Big Data, Quebec is calling.

In stark contrast to the previous regime, the new Parti Québécois government is pulling out all the stops to entice companies into locating their cloud-computing and data operations in the province.

The policy flip-flop represents a change of heart from the stance of the former Liberal government, which looked askance at the prospect of giving tax breaks or cheap electricity to sprawling data centres that are not exactly known as bounteous job creators.


"We have the knowledge, the climate, the hydroelectricity and there is a huge demand for the infrastructure needed in cloud computing," said Industrial Policy Minister Élaine Zakaïb. Once a data centre is established it will act as a magnet for related high-tech activities, she believes.

Ms. Zakaïb views data farms as having potential similar to that of Montreal's thriving, government-backed video-game development cluster, one of the world's biggest.

Creating lots of jobs in the data-processing sector isn't necessarily the goal, she said.

"It's important to create good jobs in Quebec, as well as further develop the knowledge base so that it can take us into other promising sectors," Ms. Zakaïb said in an interview Tuesday after announcing a $400,000 subsidy to Vert.com Inc., a Montreal startup that is spending $1.05-million on development of a high-density, low-energy-consumption data centre.

Éric Mateu, Vert.com's chief executive officer, said he is confident the government's approach – particularly its new budget provision giving a 10-year corporate tax holiday to companies that invest more than $300-million in new data-centre projects in the province – will help make Quebec into a global player.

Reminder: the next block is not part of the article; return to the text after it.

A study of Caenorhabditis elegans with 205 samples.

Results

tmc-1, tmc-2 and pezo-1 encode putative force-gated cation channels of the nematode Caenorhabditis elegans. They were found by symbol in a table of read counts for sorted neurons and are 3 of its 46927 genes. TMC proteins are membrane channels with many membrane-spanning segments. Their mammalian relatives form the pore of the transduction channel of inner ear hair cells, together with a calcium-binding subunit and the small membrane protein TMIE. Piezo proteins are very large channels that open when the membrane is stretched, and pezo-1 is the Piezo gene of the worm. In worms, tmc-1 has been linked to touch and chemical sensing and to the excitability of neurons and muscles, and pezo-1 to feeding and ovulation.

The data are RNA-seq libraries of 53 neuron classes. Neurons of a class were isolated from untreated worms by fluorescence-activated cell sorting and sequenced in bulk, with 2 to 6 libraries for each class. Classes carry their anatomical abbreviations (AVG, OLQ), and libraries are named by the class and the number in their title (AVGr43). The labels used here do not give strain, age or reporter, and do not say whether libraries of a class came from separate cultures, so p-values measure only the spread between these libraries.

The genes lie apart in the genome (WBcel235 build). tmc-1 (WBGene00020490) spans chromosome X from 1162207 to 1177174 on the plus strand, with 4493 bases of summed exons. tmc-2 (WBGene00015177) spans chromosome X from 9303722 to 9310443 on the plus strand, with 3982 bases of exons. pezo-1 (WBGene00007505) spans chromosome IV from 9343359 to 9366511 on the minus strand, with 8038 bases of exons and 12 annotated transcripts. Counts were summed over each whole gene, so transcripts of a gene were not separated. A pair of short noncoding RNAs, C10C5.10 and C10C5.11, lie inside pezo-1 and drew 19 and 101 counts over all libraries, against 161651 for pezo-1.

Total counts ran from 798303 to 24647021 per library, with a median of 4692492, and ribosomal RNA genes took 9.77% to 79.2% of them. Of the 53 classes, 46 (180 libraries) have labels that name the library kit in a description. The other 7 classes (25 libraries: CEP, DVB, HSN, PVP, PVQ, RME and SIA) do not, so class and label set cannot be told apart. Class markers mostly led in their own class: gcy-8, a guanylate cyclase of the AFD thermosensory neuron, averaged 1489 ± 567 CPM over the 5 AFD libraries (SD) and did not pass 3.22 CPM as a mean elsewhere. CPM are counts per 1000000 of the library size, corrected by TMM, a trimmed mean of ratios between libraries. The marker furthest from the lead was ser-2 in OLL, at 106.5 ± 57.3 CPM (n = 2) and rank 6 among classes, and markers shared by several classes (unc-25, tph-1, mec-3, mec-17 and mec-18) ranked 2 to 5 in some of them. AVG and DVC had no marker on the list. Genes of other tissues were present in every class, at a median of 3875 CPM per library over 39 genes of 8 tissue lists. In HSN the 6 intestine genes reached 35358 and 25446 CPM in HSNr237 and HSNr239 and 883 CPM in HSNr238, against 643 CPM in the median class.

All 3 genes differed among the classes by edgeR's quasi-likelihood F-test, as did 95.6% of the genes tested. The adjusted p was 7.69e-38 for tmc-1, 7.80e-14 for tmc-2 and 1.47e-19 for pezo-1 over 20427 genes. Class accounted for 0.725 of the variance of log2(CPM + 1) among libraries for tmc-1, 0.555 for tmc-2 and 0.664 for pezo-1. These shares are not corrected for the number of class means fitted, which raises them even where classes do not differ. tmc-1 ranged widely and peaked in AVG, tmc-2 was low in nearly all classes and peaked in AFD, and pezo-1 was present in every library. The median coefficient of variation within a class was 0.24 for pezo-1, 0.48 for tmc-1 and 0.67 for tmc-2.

"There is a commitment on the part of the government to encourage the data-centre industry," Mr. Mateu said. "There are big projects in the works," he added, declining to provide details because they are still in the early stages.


She said a ministerial committee has been formed that includes Premier Pauline Marois, Hydro-Québec chief Thierry Vandal and Natural Resources Minister Martine Ouellet. The committee will examine the possibility of rate cuts on a case-by-case basis, Ms. Zakaïb said, noting that the province already boasts some of the lowest energy rates in North America and clean, reliable hydroelectric power. A low carbon footprint and high-security energy supply are increasingly important factors in data-warehouse site selection.

Bill St. Arnaud, an Ottawa-based Web consultant who follows the data-centre business closely, said a tax holiday alone likely won't be enough to attract the big players, such as Google – which sniffed around but passed on locating a centre in Mirabel several years ago – and Facebook.

Most big companies are really after significant discounts on energy, which represents a big chunk of their costs, but even if lower rates were front-and-centre in Quebec's marketing campaign the timing is poor because low natural-gas prices in the U.S. now make for very cheap electricity from gas-fired plants, he said.

Meanwhile, on a smaller scale, Quebec is proving attractive to companies building new data centres.

Earlier this month, Telus Corp. opened a $65-million data centre in Rimouski, the company's third facility in Quebec, while also earmarking an additional $13-million for information technology infrastructure.


"This is like Fort Knox. It is a really secure, physical data centre," Mr. Gratton said in an interview.

Moreover, the ultra-modern facility, which will eventually cover an area spanning the space of two football fields, is expected to be energy-efficient due to Rimouski's cool climate. Telus didn't receive funding or tax credits from Quebec, he said. "It is really based on market demand – customer demand – and a financial business case to support it."

Cogeco Cable Inc. has also been ramping up its presence in the business services market with data centres in Toronto and Vancouver and plans for others in Ontario and Montreal. But since the company is spending close to $100-million over 10 years for its Montreal facility, set to open in the summer of 2014, "we wouldn't be able to take advantage of that tax incentive," said Tony Ciciretto, president of Cogeco Data Services.

For large telcos such as Telus and Bell, data-hosting services represent a relatively small but growing revenue stream. Research firm IDC Canada estimates that Telus earns roughly $150-million a year from hosting services, while Bell pulls in about $105-million.

"Aside from mobility, it is probably their fastest growing market," said Mark Schrutt, director of services and enterprise applications at IDC.